It’s been argued that as Hugo Pratt became famous, his drawing became lazy. Just look at the marvelous detail in his early work, such as The Ballad of the Salt Sea (featuring Corto Maltese’s first appearance, in 1967) and Banana Conga and the other African and Latin American stories, some critics have said. Then compare those to the loose, broad strokes of the cartoonist’s later stories, and particularly of his final books, such as Les Helvetiques and Mu: The Lost City (from 1987 and 1988 respectively).
But I think they’re wrong. While it may be true some of Pratt’s work might appear a bit hurried, his detractors overlook the mystical, surreal influence that took a stronger hold as the stories of his protagonist’s life evolved.
By the wonderful Golden Mansion of Samarkand (1980), for example, the characters do appear slightly more cartoony — and less rigid. But look at the detail in the landscape, in the ornamental paintings on the buildings. And in Tango, while Corto and Butch Cassidy might be drawn with deceptively quick strokes, see how specific everything else is rendered. Gosh, you can pick out the rivets on the street cars.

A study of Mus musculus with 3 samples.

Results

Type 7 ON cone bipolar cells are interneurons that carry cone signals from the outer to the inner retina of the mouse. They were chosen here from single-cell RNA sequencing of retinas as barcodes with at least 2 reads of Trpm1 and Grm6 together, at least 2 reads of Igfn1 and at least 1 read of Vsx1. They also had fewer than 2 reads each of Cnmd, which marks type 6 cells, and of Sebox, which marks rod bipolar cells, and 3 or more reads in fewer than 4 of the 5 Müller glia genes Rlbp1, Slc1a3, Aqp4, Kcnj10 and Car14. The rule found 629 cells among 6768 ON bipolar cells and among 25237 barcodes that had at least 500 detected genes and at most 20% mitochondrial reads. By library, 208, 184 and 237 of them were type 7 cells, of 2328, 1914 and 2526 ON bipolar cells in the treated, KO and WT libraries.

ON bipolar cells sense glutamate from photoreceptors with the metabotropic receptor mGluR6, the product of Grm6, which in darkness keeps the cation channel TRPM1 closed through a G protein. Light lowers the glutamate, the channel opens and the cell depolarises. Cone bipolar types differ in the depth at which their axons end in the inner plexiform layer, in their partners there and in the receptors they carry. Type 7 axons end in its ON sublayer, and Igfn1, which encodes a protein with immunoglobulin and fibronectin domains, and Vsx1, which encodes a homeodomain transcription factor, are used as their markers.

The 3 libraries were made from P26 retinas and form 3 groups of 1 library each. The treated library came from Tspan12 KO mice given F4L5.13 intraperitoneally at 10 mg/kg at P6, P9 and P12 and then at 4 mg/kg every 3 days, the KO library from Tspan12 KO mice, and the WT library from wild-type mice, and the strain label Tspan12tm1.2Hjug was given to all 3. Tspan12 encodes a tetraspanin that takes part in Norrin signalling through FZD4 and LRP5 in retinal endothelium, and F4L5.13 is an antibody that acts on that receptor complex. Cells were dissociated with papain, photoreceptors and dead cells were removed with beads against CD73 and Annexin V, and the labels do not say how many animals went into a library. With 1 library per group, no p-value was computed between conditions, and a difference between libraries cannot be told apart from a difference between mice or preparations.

Reality is still hard-edged; the people are merely passing through. (What better way to depict characters who believe Buenos Aires is so romantic it has two moons.)
So by the time we get to the melancholic tales of Les Helvetiques — most of that Swiss adventure is a dream, after all — and Mu — the search for a mythical lost land, where practically every character except Corto dies or vanishes by the end — we and Pratt’s characters are truly disconnected from real life.
I don’t believe Pratt was taking the easy way out. Instead, he was being very, very clever.
My earlier post on Hugo Pratt and Corto Maltese can be found here.
More on Pratt, Corto, their separate adventures and Pratt’s art in future posts. And, yes, used, English-language versions of most of these books can be found (though I’m not so sure about Les Helvetiques and Mu).